There are moments that, to me, seem to not just require but demand some jumping and finger-pointing — for an educated, embedded voice to step back a moment from the wash of blood and guts and semen and say, simply, that this, then, is too much.
A richly readable and authoritative addition to the literature of wine.
But Anya von Bremzen is a better writer than most of the genre’s practitioners, as this delectable book, which tells the story of postrevolutionary Russia through the prism of one family’s meals, amply demonstrates.
...Paterniti’s zestful storytelling carries us along on a delightful journey through a village rich with the traditions of food and family.
...both the journey and the cuisine is worth discovering, especially to those fond of culinary travelogues.
Smoke and Pickles delivers a sriracha-splashed path of finding your way in the world through passion, hard work and food that tastes like home.
By the end of this at times unwieldy but provocative book, it’s hard not to buy Pollan’s argument that cooking is “one of the most interesting and worthwhile things we humans do.”
While Binchy’s stories are sketchier than usual, perhaps understandably rushed, her fans will find solace as hearts mend and relationships sort themselves out one last time.
If you are looking to add some new and exciting recipes to your vegetarian repertoir or just wanting to add meatless Mondays to your diet this is the book for you.
Once again Garten’s culinary wizardry will inspire, delight, and empower readers to entertain in true Barefoot Contessa style.
This fearless home cook’s humorous anecdotes and delectable photos make for a food blog–gone–book that translates beautifully into any kitchen.
Consider the Fork is simply chockfull of revelations that any cooking enthusiast will eat up with a spoon.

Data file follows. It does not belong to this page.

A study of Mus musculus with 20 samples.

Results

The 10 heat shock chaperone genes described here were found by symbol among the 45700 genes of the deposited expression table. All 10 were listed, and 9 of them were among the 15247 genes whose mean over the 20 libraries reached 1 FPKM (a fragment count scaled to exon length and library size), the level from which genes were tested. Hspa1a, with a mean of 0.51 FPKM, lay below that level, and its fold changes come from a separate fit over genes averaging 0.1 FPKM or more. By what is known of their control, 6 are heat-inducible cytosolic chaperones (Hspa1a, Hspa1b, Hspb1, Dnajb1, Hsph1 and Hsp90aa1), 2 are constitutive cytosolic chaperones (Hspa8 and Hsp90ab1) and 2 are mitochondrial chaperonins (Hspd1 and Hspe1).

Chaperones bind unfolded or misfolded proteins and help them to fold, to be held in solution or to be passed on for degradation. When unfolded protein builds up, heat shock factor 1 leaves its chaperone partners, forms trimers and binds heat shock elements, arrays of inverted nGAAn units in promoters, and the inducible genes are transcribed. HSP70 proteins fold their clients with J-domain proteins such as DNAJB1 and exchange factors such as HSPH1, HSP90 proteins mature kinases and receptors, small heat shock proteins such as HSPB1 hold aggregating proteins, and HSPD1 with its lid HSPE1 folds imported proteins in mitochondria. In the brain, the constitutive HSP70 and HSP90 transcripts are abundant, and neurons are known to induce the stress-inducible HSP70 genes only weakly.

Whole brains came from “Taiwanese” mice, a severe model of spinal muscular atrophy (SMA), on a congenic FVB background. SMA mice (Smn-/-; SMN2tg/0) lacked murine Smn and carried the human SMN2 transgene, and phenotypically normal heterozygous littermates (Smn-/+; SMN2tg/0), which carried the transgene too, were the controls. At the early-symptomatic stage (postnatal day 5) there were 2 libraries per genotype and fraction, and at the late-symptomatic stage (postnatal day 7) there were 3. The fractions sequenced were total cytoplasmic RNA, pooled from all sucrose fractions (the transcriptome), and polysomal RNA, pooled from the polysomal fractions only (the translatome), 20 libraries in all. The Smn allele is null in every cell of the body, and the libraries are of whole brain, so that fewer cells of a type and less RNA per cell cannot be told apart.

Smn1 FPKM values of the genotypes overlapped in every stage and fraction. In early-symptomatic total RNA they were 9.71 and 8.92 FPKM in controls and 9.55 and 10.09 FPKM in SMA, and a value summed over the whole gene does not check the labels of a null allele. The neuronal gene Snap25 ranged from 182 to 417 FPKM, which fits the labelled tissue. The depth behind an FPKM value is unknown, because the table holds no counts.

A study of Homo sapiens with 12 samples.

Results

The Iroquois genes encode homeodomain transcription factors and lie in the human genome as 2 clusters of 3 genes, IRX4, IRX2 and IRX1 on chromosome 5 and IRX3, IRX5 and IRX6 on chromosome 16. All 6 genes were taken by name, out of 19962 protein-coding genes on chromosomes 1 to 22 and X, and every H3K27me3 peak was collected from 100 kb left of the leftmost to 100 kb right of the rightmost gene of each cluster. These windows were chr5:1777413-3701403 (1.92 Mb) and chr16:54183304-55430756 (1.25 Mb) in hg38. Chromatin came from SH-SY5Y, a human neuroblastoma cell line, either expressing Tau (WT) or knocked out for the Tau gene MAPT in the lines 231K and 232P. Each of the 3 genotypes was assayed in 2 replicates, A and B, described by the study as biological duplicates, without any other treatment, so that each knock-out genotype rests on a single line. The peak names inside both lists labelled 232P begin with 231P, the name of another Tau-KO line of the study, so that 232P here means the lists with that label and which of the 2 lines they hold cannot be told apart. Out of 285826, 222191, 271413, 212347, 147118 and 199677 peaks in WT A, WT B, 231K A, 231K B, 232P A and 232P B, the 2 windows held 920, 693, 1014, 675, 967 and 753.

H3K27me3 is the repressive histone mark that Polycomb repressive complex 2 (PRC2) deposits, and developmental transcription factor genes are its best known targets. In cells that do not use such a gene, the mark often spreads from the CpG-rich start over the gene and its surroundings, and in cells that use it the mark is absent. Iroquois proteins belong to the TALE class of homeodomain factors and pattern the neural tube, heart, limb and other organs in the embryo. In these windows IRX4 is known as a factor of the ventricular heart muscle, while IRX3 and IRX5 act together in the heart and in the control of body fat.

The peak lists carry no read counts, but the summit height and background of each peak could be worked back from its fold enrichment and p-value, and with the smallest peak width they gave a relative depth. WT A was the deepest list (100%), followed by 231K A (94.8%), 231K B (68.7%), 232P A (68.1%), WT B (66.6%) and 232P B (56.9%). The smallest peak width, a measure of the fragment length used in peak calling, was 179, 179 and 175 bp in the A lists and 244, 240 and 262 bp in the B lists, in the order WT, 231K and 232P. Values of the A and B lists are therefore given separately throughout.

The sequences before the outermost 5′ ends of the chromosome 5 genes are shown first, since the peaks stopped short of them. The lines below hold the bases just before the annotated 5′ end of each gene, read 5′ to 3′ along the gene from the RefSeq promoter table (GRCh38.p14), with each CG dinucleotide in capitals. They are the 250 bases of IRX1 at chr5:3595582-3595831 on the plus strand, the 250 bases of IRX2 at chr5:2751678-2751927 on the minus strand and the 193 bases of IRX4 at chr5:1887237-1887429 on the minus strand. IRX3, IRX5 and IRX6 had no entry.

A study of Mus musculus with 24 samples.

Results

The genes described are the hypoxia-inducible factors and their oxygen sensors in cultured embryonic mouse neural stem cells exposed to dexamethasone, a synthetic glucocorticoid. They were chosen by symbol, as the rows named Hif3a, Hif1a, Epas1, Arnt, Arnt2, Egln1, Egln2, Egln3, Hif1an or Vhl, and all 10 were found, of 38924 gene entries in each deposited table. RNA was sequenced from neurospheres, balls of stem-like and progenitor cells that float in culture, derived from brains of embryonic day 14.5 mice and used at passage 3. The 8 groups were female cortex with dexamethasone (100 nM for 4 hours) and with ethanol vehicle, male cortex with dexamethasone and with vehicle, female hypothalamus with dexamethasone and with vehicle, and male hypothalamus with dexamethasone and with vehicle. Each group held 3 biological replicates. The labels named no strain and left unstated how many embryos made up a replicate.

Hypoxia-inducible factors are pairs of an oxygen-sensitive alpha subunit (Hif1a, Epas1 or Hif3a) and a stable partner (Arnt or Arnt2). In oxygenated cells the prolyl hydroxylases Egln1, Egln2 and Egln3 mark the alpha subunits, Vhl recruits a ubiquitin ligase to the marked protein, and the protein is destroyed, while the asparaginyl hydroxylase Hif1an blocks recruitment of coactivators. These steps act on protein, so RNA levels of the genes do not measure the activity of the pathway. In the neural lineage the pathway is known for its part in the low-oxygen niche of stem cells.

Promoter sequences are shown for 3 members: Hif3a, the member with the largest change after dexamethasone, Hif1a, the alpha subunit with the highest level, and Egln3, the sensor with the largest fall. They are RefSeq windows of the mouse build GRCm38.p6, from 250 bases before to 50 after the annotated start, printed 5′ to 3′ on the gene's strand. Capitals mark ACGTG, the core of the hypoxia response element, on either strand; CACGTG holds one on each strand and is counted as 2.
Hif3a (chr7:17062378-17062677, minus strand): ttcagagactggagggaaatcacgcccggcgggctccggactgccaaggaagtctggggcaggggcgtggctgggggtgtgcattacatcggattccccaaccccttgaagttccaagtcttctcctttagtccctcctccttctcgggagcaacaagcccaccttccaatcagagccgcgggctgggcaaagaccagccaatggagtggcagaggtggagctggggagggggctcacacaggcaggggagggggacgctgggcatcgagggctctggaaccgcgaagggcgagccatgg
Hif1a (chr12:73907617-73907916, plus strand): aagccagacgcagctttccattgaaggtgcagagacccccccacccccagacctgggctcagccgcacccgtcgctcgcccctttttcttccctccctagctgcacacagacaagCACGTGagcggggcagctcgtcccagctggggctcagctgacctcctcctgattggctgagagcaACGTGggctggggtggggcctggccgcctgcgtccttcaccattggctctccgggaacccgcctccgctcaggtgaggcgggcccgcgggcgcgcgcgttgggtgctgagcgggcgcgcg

Interweaving anecdotes, family history, and historical events, he tells the tale of Child’s remarkable life... to her rise to prominence as a television personality and everything in between.
Marcus Samuelsson’s “Yes, Chef” comes as a welcome breath of fresh air. Not only is it an old-school culinary memoir, but it’s also one of the best around.
With almost every turn of a page, there’s a flash of recognition. “I didn’t know you could eat that!” you find yourself saying.
Uneven, but patient readers will be rewarded with lessons about persistence and the joy of running.
Going deeper than the superficial stock stories ...Abdelnour merges evocative descriptions of place and historical context with meditations on the current state of affairs in Lebanon.
For all the attendant publicity, “Sweet Tooth” is not Mr McEwan’s finest book. It has neither the darkness of “The Comfort of Strangers” nor the passion of “Enduring Love”
Leafing through it, I realized that her concept for the book was the same as my revelation in France: Don’t just cook what you know.
Many chapters end with a summary of key points or helpful gardening tips, making it a good read for young adults as well. What Allen does with a small plot of land and a lot of determination is nothing short of inspiring.